Monday, January 28, 2013

More Cheers for MOOCs

In "Revolution Hits the Universities" (The New York Times, January 26, 2013), Thomas Friedman joins the rising tide of voices cheering on MOOCs as the best hope for a better future in higher education.  As he concludes his piece:
I can see a day soon where you’ll create your own college degree by taking the best online courses from the best professors from around the world — some computing from Stanford, some entrepreneurship from Wharton, some ethics from Brandeis, some literature from Edinburgh — paying only the nominal fee for the certificates of completion. It will change teaching, learning and the pathway to employment.
A lot has to happen before that comes to pass, but it certainly fits with the positive view espoused by Amanda Ripley in her TIME Magazine piece, "College Is Dead.  Long Live College!" that we will discuss on Tuesday.

Oversupply of College Grads?

There has been an ongoing debate among economists that the rise in college graduates (and continued government policies pushing for more college grads in coming years) has cheapened a four-year degree by the simple economics of supply and demand.  In "The College Grad / Employment Mismatch" (Inside Higher Ed., January 28th, 2013), Doug Lederman sums up the debate and offers some interesting facts for both sides: for while the number of jobs requiring a college degree have not increased, the pay rate for many jobs that do not necessarily require a B.A. is higher for college grads.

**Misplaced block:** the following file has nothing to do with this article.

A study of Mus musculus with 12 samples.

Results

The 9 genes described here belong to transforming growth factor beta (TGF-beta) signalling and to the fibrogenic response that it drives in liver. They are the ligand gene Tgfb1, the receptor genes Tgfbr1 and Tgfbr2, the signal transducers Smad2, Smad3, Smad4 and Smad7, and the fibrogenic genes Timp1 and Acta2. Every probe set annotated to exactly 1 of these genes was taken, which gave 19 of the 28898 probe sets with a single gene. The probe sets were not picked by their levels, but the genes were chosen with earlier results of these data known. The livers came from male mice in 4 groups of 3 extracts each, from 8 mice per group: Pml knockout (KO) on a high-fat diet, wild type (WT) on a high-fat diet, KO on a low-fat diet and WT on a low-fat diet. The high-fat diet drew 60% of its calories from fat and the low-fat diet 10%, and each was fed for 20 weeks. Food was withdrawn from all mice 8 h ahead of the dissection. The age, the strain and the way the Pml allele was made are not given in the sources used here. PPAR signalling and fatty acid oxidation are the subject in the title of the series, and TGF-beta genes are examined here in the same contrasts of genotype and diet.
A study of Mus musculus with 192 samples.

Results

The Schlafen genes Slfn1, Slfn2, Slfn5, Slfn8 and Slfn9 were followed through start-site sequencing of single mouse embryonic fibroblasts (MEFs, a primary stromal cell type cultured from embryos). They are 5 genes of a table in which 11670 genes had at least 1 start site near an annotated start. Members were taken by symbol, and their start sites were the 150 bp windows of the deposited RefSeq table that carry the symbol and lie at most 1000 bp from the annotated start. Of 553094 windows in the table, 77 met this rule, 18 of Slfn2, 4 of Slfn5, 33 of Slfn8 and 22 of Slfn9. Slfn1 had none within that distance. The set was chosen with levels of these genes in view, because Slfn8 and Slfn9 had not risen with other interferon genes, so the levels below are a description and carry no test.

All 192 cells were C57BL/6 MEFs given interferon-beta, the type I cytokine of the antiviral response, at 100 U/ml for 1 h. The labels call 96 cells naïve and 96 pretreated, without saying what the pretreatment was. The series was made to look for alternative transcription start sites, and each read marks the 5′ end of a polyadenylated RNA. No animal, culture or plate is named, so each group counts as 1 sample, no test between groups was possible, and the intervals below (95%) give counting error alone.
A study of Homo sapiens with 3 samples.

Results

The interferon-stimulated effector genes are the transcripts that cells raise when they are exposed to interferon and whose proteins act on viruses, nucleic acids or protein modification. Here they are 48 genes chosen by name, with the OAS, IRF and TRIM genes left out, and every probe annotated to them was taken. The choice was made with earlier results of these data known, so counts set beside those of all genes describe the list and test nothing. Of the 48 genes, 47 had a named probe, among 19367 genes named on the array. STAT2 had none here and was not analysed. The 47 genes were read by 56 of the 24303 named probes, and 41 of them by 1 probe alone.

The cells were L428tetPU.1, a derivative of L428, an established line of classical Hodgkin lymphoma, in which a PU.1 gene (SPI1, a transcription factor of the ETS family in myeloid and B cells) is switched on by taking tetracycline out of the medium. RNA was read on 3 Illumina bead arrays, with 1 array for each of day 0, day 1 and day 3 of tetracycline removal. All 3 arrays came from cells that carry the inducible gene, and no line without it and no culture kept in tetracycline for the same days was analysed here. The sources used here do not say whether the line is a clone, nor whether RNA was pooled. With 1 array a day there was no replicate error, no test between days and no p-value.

Tuesday, January 1, 2013

The Fiscal Risks of College Sports

Though Rutgers has done brilliantly well this year in making their move to the Big Ten conference, which should eventually bring their sports programs to a self-supporting level after decades in the red, it is good to be reminded that for most schools the investment in college sports is unlikely to pay off.  In fact, it is likely to be a costly mistake.  That is the message of Bill Pennington's "Big Dream, Rude Awakening" (NY Times, December 29, 2012) which uses the struggles of UMass to create a big time football program as a jumping off point for discussing the risks associated with investing in college sports.  Worthwhile reading.